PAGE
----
The mayors of San Francisco, Oakland and San Jose have banded together to urge the California Public Utilities Commission to reject a proposal they fear could substantially raise the fees that people pay when switching their electricity provider from Pacific Gas & Electric Co. to a city-run program like CleanPowerSF.
On Tuesday, the mayors — London Breed in San Francisco, Libby Schaaf in Oakland and Sam Liccardo in San Jose — sent a letter to the PUC to express “substantial concerns” with a proposal the commission is scheduled to vote on Sept. 13 that could raise the fees for leaving PG&E by as much as 25 percent.
The fees are added to energy customers’ bills every month in perpetuity when they join city-run power programs to repay investor-owned utilities like PG&E for older power plants and continuing contracts to provide power.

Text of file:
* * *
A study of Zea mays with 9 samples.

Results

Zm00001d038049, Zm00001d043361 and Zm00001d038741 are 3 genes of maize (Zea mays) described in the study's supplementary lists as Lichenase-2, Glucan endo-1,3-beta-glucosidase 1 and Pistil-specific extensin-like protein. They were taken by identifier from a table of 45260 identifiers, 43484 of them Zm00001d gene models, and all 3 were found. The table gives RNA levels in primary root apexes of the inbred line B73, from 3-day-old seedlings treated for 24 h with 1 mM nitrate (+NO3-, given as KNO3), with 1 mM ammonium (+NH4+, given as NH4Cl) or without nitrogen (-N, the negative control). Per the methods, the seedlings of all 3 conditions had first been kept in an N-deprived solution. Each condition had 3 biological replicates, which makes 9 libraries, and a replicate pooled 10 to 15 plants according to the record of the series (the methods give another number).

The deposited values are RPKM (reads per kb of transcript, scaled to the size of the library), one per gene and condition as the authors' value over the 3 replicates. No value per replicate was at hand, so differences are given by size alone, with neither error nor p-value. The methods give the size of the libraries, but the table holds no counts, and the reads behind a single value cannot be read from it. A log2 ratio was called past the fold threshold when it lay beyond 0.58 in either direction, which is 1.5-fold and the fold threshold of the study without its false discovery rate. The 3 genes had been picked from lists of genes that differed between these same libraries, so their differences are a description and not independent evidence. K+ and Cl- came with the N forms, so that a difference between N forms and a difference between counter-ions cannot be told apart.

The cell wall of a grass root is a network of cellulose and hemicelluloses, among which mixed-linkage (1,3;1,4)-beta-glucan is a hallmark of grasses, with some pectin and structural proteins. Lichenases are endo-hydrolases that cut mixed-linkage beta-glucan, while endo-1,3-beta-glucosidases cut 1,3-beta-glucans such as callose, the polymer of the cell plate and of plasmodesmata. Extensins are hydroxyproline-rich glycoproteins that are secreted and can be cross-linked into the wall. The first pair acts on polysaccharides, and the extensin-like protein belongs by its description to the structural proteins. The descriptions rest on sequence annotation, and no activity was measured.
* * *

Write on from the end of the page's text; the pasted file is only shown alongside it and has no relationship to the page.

The San Francisco Public Utilities Commission is gradually enrolling city customers in its CleanPowerSF program automatically. The program uses a cleaner mix of energy generated from renewable sources. Customers can opt out of the program, however, which would prevent them from having to pay the so-called exit fees and stay on as a PG&E customer.
But the proposal to raise the exit fees, introduced by state PUC Commissioner Carla Peterman, “would reduce our investments in long-term renewable resources … and hinder our efforts in local development and customer programs,” the mayors wrote, adding that the costs would be unfairly borne by lower-income customers “in disadvantaged communities.”
“CleanPowerSF is central to San Francisco’s efforts to reduce our greenhouse gas emissions and make our electricity 100 percent carbon-free by 2030,” Breed said in a separate statement. “This proposal makes it more expensive for San Franciscans to choose clean energy over dirty fossil fuels.”